Editor’s note: The following is based on an individual’s experience and shouldn’t be taken as medical advice. Please consult your doctor for specific instructions following your surgery.

Preparing for laparoscopic surgery for the first time can feel overwhelming. Last week, in Part 1, I discussed 10 important things you can do to prepare for surgery. This week I will go into detail about essentials to pack and post op surgery meals, and what to expect during post op.

Essentials to Pack

More than likely you will get to go home the same day as surgery. However, there are some cases where you may have to spend the night in the hospital. This all depends on your surgery. Having an overnight bag packed already can save you loads of stress. Here are a few essentials you may want to consider sticking in your bag.

1. Phone charger or any other electronics you may want to use.

2. Socks and slippers.

3. Extra underwear and pads – you may bleed after surgery.

4. Comfy clothes for after surgery. Anything without a waistband like night gowns, oversized shirts or dresses, or even a bathrobe.

5. Bathroom essentials can include toothbrush and toothpaste, chapstick, hairbrush, deodorant and lotion. You may even want to bring some dry shampoo and face wash.

6. If you have a favorite stuffed animal or object you like to sleep with, bring it.

7. Book, magazines, coloring books, whatever you like to do that is relaxing and easy to carry along.

8. Medicines prescribed to you and stool softeners to take with your pain medicine.

 

Post Op Surgery Meals

Before your surgery day, it is beneficial to prepare post op meals at least for the first week of recovery. You want to make sure these meals are light and simple to heat up, as you will not want to be eating heavy or be doing any sorts of cooking.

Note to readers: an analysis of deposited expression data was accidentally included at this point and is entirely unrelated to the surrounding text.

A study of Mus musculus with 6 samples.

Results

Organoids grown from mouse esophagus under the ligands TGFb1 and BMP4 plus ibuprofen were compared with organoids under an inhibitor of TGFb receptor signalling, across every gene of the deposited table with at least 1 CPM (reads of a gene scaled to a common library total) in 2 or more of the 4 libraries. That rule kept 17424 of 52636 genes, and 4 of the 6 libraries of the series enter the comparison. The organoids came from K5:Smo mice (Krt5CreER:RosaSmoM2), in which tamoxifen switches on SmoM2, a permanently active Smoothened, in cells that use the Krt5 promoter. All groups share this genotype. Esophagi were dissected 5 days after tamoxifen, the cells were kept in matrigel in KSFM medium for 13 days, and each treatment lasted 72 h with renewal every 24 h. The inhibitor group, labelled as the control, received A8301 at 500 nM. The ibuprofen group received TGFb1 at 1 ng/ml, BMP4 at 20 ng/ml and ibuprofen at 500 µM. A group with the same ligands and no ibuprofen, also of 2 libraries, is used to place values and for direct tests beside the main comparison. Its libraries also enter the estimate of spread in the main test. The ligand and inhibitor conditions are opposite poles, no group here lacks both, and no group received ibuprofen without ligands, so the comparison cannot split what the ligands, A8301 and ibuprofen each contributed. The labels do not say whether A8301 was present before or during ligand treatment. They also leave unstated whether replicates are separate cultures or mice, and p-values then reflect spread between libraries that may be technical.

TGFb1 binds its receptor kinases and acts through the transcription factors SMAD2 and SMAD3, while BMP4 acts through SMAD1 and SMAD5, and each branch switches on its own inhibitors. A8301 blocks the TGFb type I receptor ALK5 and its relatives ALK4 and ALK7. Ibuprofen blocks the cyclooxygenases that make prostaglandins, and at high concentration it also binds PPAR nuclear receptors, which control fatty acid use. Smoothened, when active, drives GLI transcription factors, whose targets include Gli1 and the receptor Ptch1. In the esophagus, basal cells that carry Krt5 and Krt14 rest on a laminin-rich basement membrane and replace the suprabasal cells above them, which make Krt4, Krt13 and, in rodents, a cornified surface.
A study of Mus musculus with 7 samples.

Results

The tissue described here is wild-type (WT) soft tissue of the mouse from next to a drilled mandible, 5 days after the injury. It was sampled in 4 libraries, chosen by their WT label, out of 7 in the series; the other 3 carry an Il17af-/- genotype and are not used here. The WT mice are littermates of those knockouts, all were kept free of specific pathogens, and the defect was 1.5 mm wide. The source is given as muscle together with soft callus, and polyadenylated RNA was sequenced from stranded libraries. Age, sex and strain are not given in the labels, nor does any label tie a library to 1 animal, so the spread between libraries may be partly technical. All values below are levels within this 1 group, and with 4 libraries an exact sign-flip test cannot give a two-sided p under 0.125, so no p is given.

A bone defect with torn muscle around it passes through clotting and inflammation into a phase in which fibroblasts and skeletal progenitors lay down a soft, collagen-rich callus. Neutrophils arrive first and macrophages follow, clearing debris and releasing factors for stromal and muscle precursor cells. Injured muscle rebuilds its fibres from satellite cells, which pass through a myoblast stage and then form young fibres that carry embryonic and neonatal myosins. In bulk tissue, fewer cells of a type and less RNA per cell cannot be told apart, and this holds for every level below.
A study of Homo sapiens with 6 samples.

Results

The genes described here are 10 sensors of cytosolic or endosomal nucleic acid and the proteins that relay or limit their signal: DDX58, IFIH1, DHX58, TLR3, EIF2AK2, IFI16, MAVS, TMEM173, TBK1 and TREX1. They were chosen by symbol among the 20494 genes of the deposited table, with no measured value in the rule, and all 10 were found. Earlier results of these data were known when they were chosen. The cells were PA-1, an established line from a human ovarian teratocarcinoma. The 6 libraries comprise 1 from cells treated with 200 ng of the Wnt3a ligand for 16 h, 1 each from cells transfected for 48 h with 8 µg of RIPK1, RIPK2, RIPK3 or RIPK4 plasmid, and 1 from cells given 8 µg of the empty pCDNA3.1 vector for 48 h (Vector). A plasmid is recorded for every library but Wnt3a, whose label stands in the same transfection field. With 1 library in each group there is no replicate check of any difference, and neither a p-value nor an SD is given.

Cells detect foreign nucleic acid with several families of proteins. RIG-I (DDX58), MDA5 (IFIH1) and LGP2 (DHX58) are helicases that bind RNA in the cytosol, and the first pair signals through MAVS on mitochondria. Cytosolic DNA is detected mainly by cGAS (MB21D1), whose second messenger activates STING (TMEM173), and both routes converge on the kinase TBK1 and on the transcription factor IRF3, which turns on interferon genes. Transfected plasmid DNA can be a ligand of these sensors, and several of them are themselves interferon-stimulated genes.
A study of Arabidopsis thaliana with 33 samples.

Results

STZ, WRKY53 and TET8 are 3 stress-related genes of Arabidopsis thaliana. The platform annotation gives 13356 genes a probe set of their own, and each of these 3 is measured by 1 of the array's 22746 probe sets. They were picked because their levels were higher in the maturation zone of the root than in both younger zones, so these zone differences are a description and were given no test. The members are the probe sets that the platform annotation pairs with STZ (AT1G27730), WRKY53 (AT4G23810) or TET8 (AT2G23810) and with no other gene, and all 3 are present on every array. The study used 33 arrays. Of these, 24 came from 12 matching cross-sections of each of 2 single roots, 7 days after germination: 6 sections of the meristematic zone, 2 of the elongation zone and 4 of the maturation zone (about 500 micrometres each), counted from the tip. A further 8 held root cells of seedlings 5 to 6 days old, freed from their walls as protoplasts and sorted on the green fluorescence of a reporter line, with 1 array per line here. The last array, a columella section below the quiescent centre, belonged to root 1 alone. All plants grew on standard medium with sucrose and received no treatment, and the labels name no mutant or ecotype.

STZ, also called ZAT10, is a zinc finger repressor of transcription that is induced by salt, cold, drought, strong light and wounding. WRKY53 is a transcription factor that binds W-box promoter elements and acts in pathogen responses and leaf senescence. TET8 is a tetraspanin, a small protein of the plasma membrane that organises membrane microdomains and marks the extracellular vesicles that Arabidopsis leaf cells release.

Right after surgery, you may not be very hungry. You may be nauseous from the anesthesia and medicines given to you. Drink plenty of fluids. Water and ginger ale, both sipped very slowly through a straw, helped my nausea and stomachaches.

You could also try chicken broth or any light soup, toast, crackers and popsicles. Jell-O, applesauce and very light sandwiches were also meals I had during recovery.

Be sure to stay away from anything that is spicy or acidic, and be careful of having dairy right away.

Fruits and vegetables along with pasta with a little olive oil were foods I was able to start eating a few days after surgery.

What to Expect During Post Op

The first few days will be tiring. You will still be coming off the anesthesia, so you really will not want to do anything. Your shoulder may be in a lot of pain from the gas pumped into you during surgery. Gas-x and lying flat on my back helped relieve some of this pain. Keep your heating pad nearby. Your throat may be sore from the tube they put in to help you breathe. Throat lozenges helped me clear this up quickly.

I recommend getting up every once and a while and walk around, slowly. This will also help get the gas flowing and even help with your bloated belly. Being bedridden can prolong your recovery time so it is important to make sure you move around. Of course, this will depend on exactly what you had done. It is also important that you do not overdo it. Rest is just as important, so be sure to follow your doctor’s post-op instructions. Be sure to keep an eye on your incisions. They will be sore for a few days. If you think anything looks out of the ordinary – severe pain, puss, looks open – call the doctor ASAP.

Unless told otherwise, you can walk up and down the stairs. Be sure to go slow and have a helping hand nearby. Remember, you cannot drive right after surgery and can only drive once you have stopped taking narcotics and you feel strong enough. Showering after surgery will be up to your doctor. It will depend on the incisions and the type of stitch they use. I was able to shower the very next day, making sure to be very careful of my incisions.

Depending on how your surgery went, you will not be able to have sex for a few weeks. Your doctor will be able to tell you exactly how long. Your first period after surgery will most likely be horrendous. I was not ready for the pain and amount of blood that came with my period after my surgery. I had thought my doctor broke my woman parts. However, do not panic. It is natural. During surgery, your doctor works on many of your reproductive organs, cutting and scraping, meaning it will take a while for everything to heal properly.

If you are taking pain meds, you may have some constipation that comes with it. Taking a stool softener with your pain medicine may help keep this less painful and keep things flowing. It was my lifesaver throughout my whole recovery process.

Lastly, remember you are strong and you will get through this.